Parents in South Los Angeles are angry that their schools have been forced to share their space with a charter school. This practice, called co-location, creates tension and rivalry. Robin Urevich of Capital & Main tells the story:

In the Los Angeles Unified School District, some 50 public schools share their campuses with charter schools. It is often a contentious relationship. But now parents and teachers at Baldwin Hills and Trinity elementary schools in South Los Angeles, asserting that such arrangements jeopardize their children’s education, are demanding the Los Angeles Unified School District board end them for the 2022-23 school year. Baldwin Hills Elementary shares its campus with New Los Angeles Charter Elementary School, while Gabriella Charter School 2 is located at Trinity Elementary.

Students at Baldwin Hills take violin lessons on the playground during recess because there is no other space, said Jacquelyn Walker, Baldwin Hills’ community school coordinator. A program that offers fresh produce and clothing to kids and families who need them was forced to move to a nearby school for the same reason, Walker said. Private rooms are sometimes unavailable for counseling kids and families in crisis.



“We lost our computer lab,” said the Rev. AmberMarie Irving, DD, whose son is a second grader at the school. “If that happened at a majority Caucasian school, all hell would break loose,” Irving said.

“We’ve worked tirelessly to find a permanent home that is not on an LAUSD campus,” said Brooke Rios, executive director of New LA Charter School, which has about 198 students on Baldwin’s campus, according to Rios. “We’re aware of the tension,” she said.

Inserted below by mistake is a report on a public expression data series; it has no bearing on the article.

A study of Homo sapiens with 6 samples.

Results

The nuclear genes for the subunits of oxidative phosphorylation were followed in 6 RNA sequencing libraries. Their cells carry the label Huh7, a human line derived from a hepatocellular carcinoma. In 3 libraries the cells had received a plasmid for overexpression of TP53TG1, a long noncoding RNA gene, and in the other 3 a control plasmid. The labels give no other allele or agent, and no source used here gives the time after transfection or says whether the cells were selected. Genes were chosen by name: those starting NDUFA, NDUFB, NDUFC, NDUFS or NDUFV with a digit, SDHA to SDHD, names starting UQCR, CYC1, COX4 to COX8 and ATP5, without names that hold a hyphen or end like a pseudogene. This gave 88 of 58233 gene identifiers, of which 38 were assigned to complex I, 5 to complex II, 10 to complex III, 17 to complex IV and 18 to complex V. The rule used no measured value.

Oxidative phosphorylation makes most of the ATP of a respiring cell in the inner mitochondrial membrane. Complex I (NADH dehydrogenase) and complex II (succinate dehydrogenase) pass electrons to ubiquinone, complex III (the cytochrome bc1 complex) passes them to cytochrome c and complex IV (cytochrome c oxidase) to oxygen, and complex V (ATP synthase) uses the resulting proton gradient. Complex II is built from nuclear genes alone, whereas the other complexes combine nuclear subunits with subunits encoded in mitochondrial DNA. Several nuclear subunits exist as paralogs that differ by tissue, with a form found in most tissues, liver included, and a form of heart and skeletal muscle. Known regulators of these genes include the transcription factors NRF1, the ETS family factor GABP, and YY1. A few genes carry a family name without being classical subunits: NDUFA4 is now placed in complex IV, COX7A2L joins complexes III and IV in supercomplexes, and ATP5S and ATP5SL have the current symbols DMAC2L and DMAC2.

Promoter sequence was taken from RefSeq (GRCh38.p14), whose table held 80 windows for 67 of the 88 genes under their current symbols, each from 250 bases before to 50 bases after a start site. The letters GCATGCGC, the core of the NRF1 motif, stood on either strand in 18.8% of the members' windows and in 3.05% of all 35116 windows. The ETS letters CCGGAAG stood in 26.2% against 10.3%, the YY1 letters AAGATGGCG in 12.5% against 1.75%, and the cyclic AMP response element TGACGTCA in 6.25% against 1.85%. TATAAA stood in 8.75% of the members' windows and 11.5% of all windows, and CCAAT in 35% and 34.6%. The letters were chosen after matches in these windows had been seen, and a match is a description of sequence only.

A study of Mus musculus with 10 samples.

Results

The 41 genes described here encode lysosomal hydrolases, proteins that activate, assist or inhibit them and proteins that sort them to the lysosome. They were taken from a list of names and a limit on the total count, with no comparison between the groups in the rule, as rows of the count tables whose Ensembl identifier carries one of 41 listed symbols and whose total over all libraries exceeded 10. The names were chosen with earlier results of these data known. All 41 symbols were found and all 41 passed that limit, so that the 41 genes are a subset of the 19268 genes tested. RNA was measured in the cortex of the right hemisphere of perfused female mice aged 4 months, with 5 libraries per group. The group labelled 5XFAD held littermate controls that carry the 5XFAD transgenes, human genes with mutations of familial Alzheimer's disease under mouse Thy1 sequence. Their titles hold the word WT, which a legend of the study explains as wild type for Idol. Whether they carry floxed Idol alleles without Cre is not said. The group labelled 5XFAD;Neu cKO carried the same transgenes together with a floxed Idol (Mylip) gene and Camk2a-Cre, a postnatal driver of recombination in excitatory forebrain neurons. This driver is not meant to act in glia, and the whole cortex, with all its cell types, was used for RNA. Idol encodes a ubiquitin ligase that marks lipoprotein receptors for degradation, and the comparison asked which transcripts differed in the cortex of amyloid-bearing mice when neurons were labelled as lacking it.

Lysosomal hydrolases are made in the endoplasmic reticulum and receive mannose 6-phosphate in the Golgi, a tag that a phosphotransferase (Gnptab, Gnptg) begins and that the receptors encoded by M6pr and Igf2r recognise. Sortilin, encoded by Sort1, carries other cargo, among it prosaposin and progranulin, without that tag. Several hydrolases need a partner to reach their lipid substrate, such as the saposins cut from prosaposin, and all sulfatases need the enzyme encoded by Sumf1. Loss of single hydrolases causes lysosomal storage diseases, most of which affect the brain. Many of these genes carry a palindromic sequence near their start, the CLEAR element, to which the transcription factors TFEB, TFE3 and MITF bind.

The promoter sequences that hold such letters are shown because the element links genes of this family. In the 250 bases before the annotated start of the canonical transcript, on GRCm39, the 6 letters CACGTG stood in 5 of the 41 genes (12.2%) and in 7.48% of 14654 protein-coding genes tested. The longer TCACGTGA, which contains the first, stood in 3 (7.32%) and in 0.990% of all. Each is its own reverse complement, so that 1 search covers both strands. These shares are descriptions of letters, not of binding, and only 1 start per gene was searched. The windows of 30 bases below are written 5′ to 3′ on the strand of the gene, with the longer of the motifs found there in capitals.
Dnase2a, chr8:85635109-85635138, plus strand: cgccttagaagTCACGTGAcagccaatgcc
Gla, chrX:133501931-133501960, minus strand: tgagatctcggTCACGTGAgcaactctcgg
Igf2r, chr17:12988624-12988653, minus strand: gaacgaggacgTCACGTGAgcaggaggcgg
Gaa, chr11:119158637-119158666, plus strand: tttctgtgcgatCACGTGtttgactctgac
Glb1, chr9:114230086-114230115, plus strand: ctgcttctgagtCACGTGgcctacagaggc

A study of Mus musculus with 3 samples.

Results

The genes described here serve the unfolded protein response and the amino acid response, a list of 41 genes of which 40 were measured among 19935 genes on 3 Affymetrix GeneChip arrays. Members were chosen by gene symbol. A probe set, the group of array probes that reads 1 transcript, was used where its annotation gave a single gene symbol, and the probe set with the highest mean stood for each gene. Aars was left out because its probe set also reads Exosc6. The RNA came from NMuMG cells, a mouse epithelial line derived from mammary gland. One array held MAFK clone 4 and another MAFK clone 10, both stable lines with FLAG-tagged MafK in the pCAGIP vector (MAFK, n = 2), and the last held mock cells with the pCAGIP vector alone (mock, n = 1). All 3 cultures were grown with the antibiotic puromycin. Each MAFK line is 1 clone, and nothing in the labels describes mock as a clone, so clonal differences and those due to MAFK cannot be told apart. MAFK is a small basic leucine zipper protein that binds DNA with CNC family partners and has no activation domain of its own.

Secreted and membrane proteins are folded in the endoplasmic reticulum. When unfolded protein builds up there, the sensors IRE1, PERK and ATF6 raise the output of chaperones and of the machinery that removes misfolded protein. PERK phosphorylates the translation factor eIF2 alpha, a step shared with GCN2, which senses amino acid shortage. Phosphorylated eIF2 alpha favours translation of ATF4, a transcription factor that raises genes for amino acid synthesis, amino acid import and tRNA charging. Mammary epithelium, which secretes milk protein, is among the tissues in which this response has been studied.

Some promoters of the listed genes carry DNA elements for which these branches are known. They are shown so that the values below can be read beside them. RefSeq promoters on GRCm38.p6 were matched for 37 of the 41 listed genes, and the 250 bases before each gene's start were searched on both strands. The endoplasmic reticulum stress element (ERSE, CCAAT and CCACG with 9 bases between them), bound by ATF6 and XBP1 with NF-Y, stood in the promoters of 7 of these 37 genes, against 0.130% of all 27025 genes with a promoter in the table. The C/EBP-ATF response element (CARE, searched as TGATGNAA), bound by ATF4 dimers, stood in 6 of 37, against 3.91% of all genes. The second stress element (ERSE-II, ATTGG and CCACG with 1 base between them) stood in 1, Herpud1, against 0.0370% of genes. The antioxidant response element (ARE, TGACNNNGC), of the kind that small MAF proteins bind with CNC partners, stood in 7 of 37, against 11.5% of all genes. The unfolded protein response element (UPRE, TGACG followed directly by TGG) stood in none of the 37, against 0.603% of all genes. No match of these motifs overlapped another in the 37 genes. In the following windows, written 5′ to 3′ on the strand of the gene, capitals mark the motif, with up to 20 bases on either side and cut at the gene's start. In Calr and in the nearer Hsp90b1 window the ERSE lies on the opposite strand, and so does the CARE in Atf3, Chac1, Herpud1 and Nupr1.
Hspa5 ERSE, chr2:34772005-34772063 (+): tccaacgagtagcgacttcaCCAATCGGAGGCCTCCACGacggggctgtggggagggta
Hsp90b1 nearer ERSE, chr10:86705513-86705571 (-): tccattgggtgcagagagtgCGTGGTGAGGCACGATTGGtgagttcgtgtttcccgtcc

Designated a 2020 California Distinguished School, Baldwin Hills is one of just three elementary schools in the district with a majority African American student body that includes a magnet school for gifted students. The school emphasizes science, technology, engineering, arts and mathematics. It boasts robotics, engineering, yoga and chess classes, and higher than average test scores. But teacher Marie Germaine said the district has undermined the school’s efforts with the space sharing arrangement. “They want us to accept our own suffering and our own demise. We refuse to accept it.”

Germaine, Walker and Irving were among parents and educators from Baldwin and Trinity who demanded the district get charter schools off their campuses when they addressed the school board on Nov. 1, the deadline for charter schools to request space on district campuses for the upcoming school year. Baldwin and Trinity are both among some 34 LAUSD community schools that are designed to be neighborhood hubs, offering services to children and families after traditional school hours. United Teachers Los Angeles treasurer Alex Orozco said that in 2019, the district agreed to avoid co-locating charter schools on such campuses, but hasn’t done so.

Trinity Elementary is at the other end of the achievement spectrum; it is struggling as one of 100 schools that LAUSD Superintendent Alberto Carvalho has targeted for improvement, said teacher Tanya Flores. However, Flores said it is hard to improve when kids do not have adequate space for learning. A fifth grade class meets in the auditorium and a section of the school library serves as a makeshift second grade classroom, she said.

Parent Yuvicela Ruiz said when her fifth grade son’s special education class was moved to another school because of lack of space at Trinity, “it hurt him academically and emotionally. It showed that my son’s education is not valued by the district,” she said.